How to Renovate a Masterpiece
New owners spending millions to redo 1879 Mackie Building. Our photos tell the tale.
Add Safecracker to the list of duties of Josh Jeffers, the Developer, Owner and Project Manager of the Mackie Building, 225 E. Michigan St. The six story, 55,000-square-foot, 1879 Beaux Arts masterpiece by Edward Townsend Mix is being substantially rehabilitated for a $10 million conversion to office space and 25 apartments.
Right now, the interior is down to the studs, and the aged mechanical systems have been scrapped, awaiting new replacements. That’s where the safes come in — or rather, where they go out. The building was constructed with stacked walk-in safes of massive construction. Renovation architect Falamak Nourzad of Continuum Architects + Planners figured the safes, due to their vertical configuration, would serve as excellent chaseways for the building’s new wiring and telecommunications systems.
As a result, the safes are now gone, creating a shaft that runs nearly through the entire six-story building. The jagged outline of the concrete floors of the former safes can be seen where they still cling to the walls, while the sturdy iron door frames remain. The fourth floor’s safe floor is still being removed by workers.
Elsewhere, another building gap much larger than a walk-in safe spans many floors, where a second stairway is being added for fire code reasons. Watch your step! On the second floor, metal studs are getting framed in at the new offices of the Daily Reporter. The existing coved ceilings will be retained, as they will wherever possible throughout the building. Original windows have been reglazed, primed, and returned to their places, while others await their placement in a storage area.
A studio apartment will feature an arched window as its primary architectural component. Others are as large as two bedrooms. The plumbing stacks are just now making their appearance. In some rooms, sturdy Cream City Brick walls have been breached, while 21st century I-beams and concrete blocks support the structure above. Most of the floors are first-growth maple, a rare wood no longer found in the forest, but only in landfills and old buildings like this. As much as possible, which is considerable, will be preserved. For the most part the maple floors have kept well over 13 decades, covered most of the time by cheap floor tile and tacky office carpeting.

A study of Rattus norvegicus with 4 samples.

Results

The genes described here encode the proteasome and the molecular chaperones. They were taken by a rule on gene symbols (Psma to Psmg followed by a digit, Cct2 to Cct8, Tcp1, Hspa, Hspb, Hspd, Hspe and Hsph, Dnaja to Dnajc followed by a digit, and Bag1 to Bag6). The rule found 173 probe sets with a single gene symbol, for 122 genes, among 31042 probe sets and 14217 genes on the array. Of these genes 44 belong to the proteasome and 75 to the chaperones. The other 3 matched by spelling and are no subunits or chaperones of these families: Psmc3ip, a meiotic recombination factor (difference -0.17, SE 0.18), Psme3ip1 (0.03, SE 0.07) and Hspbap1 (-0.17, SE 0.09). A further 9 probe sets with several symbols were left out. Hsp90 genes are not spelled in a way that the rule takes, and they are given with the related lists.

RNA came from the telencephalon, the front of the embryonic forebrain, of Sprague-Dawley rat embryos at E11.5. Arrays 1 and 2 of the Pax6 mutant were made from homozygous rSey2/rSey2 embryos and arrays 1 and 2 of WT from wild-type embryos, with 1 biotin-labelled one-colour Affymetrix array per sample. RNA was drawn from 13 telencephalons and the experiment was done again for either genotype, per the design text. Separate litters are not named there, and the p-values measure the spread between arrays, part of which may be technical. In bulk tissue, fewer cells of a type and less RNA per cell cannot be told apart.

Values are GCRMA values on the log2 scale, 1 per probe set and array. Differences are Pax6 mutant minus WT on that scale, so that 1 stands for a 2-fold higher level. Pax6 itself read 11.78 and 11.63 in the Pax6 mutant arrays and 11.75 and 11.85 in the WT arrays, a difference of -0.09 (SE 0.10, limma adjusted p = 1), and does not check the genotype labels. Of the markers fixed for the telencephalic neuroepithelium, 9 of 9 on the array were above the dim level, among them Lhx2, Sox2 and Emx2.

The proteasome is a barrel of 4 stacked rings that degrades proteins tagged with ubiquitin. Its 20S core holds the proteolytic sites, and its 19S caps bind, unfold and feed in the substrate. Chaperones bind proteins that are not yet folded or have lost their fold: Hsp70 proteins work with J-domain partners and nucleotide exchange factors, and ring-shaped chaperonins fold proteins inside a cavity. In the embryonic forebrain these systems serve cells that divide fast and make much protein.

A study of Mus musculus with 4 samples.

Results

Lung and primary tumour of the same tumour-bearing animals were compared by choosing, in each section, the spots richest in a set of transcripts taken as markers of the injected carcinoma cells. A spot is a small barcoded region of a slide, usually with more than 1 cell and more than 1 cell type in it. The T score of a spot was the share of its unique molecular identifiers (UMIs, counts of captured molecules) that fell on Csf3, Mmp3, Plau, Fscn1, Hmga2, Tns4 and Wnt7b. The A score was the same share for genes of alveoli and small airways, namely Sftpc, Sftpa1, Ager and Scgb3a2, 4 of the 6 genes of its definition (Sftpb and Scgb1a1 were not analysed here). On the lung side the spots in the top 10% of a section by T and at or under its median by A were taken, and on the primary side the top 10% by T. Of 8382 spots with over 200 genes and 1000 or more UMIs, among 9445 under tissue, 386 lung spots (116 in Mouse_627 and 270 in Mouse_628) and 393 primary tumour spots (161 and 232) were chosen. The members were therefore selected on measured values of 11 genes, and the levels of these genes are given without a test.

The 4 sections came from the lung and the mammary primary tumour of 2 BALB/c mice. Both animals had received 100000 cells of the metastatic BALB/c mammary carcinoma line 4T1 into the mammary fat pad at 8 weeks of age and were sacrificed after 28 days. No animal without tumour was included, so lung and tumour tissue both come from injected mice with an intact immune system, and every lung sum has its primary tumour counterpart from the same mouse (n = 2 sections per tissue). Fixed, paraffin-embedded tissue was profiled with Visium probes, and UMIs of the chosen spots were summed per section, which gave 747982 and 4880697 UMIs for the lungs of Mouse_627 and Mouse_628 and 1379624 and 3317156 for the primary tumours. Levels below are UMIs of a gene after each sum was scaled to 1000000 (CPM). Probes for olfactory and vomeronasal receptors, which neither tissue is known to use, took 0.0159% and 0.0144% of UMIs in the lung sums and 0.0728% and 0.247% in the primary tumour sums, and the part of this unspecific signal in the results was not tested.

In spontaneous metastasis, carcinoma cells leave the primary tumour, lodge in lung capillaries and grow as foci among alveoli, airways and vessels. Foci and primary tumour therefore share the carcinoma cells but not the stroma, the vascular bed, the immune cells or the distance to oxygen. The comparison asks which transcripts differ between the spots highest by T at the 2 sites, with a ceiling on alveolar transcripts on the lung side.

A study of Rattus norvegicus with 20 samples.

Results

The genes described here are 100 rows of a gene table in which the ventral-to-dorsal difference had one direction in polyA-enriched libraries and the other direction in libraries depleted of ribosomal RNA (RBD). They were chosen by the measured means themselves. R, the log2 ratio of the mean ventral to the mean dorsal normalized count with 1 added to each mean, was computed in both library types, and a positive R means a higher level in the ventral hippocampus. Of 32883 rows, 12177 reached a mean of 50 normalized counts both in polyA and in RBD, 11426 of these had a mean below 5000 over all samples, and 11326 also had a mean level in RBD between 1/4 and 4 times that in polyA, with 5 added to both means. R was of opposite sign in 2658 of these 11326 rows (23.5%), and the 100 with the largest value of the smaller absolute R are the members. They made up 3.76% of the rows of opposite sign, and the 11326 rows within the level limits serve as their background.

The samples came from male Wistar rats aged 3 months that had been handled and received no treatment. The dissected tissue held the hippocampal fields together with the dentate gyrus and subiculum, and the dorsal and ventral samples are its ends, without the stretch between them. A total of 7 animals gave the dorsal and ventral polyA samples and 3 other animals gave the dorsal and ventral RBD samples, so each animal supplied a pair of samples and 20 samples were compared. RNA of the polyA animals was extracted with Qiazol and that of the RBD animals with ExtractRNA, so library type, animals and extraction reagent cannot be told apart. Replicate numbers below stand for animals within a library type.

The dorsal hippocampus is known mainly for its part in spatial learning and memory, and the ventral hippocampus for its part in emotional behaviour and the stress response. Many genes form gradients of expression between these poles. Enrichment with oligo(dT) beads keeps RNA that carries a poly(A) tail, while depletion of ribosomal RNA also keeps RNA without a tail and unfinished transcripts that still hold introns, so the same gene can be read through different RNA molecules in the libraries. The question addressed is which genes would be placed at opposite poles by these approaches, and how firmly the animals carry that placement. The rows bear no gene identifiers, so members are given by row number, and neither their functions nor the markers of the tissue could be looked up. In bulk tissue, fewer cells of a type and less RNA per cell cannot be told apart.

One area shows the exposed fireproofing original to the building’s floors. Beneath the maple, and laid at right angles, is a layer of fire-resistant white oak. That covers a plaster, lath and brick layer beneath, packed in between the rafters.
The project has required some relocations within the building. For one thing, Jeffers temporarily moved his office, located directly above the Swingin’ Door, to the Mitchell Building, which he also owns. The Bartolotta Group, which operates the Grain Exchange Room, has been obliged to store much of its catering equipment in ad hoc space on the third floor. The Swingin’ Door, which will eventually lose its famous safe to the wiring project, remains open, as does the Grain Exchange Room, a popular site for events.
The project includes work to restore the building’s four-faced clock, and an original bell there that has not rung in at least a half-century, Jeffers says.
Jeffers bought the building in November, 2014, and projects a finishing date of December, 2016. Contractor Dennis Barthenheier, who also worked on the Mitchell Building, has taken out a $2.5 million permit for his scope of work, which includes the restoration of the building’s rotting wood piling foundation system. The Consulting Engineer is GRAEF. The project relied on a complex package of financing, including Historic Tax Credits, funding from the Wisconsin Housing and Economic Development Authority and Milwaukee Economic Development, plus city Tax Incremental District funds along with equity financing, and a bank loan headed by Cornerstone Community Bank.
What Floor Are We On?
The Mackie Building has a European floor numbering system in which the street level spaces are on the ground floor, or “G”, in elevator button terms. Floors only get numbers above that level, meaning the second floor, as we would call it, is denominated as “1.” And so on, until the sixth floor, which of course is called “5.” The first floor elevator button includes a little star, which is usually the symbol for the lobby, but that is not the case here.
Jeffers says the numbering system will not survive the remodeling. Despite its Continental quaintness, the system leads to confusion, he says, particularly in a residential building. Also, he said the Fire Department counselled him that a more conventional numbering system would better provide for public safety.